News

Cite as: (2007) 81(3) LIJ, p. 28


Magistrate Graham Keil is aiming to deliver the right mix of generosity and justice in his determinations.

The Australian culture of a “fair go” appealed to Graham Keil when he emigrated from Scotland and he is aiming to carry this ethos into the courts as a magistrate.

Mr Keil, 46, said he wanted to make a positive difference as a magistrate, by allow-ing and encouraging people to have a fair hearing.

“It is deeply embedded, as I see it originally as an outsider, as part of the Australian culture to give people a fair go,” he said.

“I suppose one of the reasons I was encouraged to emigrate was because it [Australia] prides itself on giving people a fair go.

“That’s a marvellous aspect and if that can be carried to the courts, that’s what I hope to encourage.”

Mr Keil said one of the greatest challenges as a magistrate was to obtain the “correct measure of generosity and justice – just to pitch it right”.

“I want to be just but I want to be generous as well. I want to rehabilitate people because there is no point in having prisons, as I see it, full of people who could be rehabilitated if they were in the community.”

He aimed to reduce any sense of alienation felt by those appearing before him.

“I suppose I am from the outside, coming from a different country and I, to a certain extent, know what it is like to be alienated.”

Mr Keil was born in Inverness, in the Scottish Highlands, but travelled the world as a child due to his father being a member of the Seaforth Highlanders regiment.

Despite attending 10 different schools in Germany, Singapore and the UK, living among an 800-strong Highland regiment meant Mr Keil maintained his Scottish accent. He also learned the bagpipes and played with the Colinton and Currie Pipe Band, one of the oldest civilian pipe bands in Scotland.

Mr Keil completed his tertiary education in Scotland, qualifying from Edinburgh University to practise law in 1982.

He initially did mostly criminal cases at a small law firm and later worked at the Law Society of Scotland on its Legal Aid Bill.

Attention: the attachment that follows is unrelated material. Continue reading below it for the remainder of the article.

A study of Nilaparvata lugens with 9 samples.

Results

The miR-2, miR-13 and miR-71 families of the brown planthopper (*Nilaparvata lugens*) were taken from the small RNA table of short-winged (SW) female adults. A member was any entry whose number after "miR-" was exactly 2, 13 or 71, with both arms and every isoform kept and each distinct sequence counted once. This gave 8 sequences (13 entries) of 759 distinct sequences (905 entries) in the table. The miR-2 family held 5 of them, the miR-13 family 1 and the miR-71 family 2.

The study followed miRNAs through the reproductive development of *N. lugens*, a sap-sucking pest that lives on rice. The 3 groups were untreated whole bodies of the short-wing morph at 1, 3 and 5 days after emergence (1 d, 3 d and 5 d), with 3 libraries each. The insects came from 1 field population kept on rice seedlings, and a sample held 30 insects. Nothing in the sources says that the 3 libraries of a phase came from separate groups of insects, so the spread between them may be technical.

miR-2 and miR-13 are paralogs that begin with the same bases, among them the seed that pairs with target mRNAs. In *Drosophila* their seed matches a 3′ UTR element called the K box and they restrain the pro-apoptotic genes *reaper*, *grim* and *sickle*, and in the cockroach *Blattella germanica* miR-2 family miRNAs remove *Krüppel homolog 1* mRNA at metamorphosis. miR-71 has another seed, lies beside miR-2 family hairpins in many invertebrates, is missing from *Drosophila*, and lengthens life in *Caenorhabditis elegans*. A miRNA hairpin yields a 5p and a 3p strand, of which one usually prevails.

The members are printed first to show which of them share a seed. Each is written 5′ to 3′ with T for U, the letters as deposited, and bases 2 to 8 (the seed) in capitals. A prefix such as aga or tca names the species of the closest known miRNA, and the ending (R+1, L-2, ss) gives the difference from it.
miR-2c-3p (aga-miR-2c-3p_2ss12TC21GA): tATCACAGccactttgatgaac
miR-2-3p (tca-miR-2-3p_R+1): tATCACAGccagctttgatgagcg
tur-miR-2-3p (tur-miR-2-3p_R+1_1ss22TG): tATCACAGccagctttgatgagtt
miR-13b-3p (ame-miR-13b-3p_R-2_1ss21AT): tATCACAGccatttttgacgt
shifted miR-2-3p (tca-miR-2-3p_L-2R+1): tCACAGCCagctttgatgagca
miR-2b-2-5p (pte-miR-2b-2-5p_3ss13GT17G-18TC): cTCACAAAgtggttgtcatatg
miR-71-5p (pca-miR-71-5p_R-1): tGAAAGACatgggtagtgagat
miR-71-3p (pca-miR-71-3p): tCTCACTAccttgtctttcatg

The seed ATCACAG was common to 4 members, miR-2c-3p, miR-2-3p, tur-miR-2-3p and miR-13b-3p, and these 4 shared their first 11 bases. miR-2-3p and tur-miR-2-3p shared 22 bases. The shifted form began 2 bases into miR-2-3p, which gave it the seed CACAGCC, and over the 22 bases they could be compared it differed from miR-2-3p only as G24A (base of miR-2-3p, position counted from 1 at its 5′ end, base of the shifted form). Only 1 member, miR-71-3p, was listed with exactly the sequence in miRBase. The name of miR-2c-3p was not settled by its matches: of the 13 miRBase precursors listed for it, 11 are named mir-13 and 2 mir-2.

After coming to Australia with his wife in 1986, he spent a brief time in Tasmania before settling in Melbourne. He worked at a small law firm, WJ Morley in East Bentleigh, and then with a WorkCare agency before joining the Victorian Bar in 1991.

“At the Bar I initially did personal injury work, and after that moved on to crime and for the past eight years very serious County Court crime,” he said.

His work as a barrister had been about 70 per cent for the defence and 30 per cent for the prosecution, giving him a perspective on both views of the court system.

Mr Keil said he felt that his past reflected a “social conscience”. He had mixed with the “deep seated privileged” – his mother’s father was gamekeeper to the Queen at Balmoral Castle in Scotland – but he had also actively involved himself with those in greater need.

His voluntary work has involved laying linoleum in council estates in Scotland, legal aid work over 24 years, and volunteering at Bayside Support and Information Service (BSIS) for the past 19 years.

Outside the legal field, Mr Keil has pursued amateur theatre, soccer, squash, gymnastics and cycling.

Appointed last October to the Frankston Magistrates’ Court, Mr Keil said he was planning to cycle at least part of the way to work to help counteract the sedentary working day of a magistrate.

And he would continue with gymnastics, a sport he took up eight years ago following the involvement of his children, now aged 21 and 19.

“I got involved when my children were good at it and it was just lovely to see them have command of their bodies, doing aerials and things like that,” he said.

“So I got involved with them judging gymnastics. I became a qualified judge and then there was an adults class and I still go.

“It is a good stress release because you have to focus on what you are doing,” he said.

“When you do a spring off the vault, you really have to focus on it rather than be thinking about what is happening with a case.”